Young Gay Men Describe Trust as an HIV Prevention Strategy
December 8, 2014
What constitutes safer sex? Sex with a condom? Sex with PrEP (pre-exposure prophylaxis)? Oral sex? At GAYCON 2014, an annual conference on gay and bisexual men's health in Scotland, researcher Nicola Boydell presented the results of a study that sought to discern young gay men's attitudes toward safer sex, Aidsmap reports.
The good news: Young gay men see safer sex as more than just condom use. The bad news? Many consider condomless sex within the context of a relationship as being relatively safe, even when they knew nothing about their partner's HIV testing history.
Yet, the majority of HIV transmissions among gay men happen within the context of a relationship, according to data from a 2009 U.S. study. When speaking of these relationships, men cite trust as the number one reason to take off the condom.
"[If] it was just like a casual thing, I would always use condoms and then if we're going out like, at the start for like a couple of months depending on the person, we would use a condom and then after that if like we trusted each other, if I trusted him, we wouldn't." (Eamon, 24)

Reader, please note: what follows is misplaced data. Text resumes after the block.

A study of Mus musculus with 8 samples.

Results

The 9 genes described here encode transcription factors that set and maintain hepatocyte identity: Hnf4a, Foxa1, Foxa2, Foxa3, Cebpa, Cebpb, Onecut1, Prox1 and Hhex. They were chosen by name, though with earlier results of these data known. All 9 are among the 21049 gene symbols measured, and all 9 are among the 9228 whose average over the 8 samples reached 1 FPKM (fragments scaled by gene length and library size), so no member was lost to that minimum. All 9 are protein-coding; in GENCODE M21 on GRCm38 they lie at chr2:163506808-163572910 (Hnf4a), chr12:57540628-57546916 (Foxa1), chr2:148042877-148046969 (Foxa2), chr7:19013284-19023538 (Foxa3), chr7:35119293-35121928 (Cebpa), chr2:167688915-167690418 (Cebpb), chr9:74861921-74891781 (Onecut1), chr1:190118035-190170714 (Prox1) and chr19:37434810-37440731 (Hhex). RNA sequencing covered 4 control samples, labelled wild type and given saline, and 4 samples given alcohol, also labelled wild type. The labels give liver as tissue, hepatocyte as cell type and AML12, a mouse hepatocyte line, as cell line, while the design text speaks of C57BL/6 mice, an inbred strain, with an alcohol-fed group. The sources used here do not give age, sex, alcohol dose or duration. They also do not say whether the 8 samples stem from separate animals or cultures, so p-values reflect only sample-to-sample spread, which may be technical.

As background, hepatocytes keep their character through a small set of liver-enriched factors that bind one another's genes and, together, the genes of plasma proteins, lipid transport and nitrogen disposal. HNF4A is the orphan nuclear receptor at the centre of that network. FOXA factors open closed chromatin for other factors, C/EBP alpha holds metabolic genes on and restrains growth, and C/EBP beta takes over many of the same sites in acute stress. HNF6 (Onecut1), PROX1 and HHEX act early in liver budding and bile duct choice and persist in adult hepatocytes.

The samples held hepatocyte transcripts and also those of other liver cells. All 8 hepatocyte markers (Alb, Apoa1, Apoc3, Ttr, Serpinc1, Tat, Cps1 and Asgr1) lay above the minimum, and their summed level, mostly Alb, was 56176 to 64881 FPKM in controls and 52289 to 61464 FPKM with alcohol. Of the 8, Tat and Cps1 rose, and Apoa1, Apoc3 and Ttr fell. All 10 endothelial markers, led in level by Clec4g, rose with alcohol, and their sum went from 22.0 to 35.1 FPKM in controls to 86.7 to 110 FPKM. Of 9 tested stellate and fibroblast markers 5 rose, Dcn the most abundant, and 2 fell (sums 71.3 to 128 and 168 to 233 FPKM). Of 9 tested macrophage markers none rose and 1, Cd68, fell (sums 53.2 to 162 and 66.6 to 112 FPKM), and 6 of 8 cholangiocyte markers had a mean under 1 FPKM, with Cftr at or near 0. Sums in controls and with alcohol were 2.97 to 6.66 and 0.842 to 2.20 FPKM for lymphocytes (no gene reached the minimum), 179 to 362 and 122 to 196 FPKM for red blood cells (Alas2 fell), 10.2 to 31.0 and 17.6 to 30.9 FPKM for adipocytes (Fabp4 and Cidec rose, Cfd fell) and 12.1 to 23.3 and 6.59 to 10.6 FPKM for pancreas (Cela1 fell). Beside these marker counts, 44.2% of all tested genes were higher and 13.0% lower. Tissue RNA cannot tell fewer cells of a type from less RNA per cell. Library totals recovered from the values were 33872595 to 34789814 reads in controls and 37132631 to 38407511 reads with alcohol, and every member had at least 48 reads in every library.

Learning what safer sex means to these men revealed great variation in the participants' definitions. When asked, two participants responded:
"Safer sex generally speaking is using condoms and making sure it's used properly and stuff and getting checked up regularly, very regularly." (Eddie, 21)
"[Safer sex] is making sure you've got condoms, you have them, they're in date, you have the proper lubrication for it and make sure you have the, all different sizes and non-latex and make sure you get yourself tested and you've got the support there to talk to somebody if you feel uncomfortable or have somebody go with you." (Noel, 23)
The bottom line, according to Boydell, is that just assuming a sexual partner's HIV status, even in a monogamous relationship just doesn't cut it. Communication between gay partners is of the utmost importance, and even more important is a better understanding of how to communicate around sex and HIV in hopes of preventing HIV transmission. Boydell also suggests a few possible risk reduction strategies for couples -- among them, couples-based HIV testing, in order to assist with disclosure of HIV status and safer sex discussions.
Mathew Rodriguez is the community editor for TheBody.com and TheBodyPRO.com.
Follow Mathew on Twitter: @mathewrodriguez.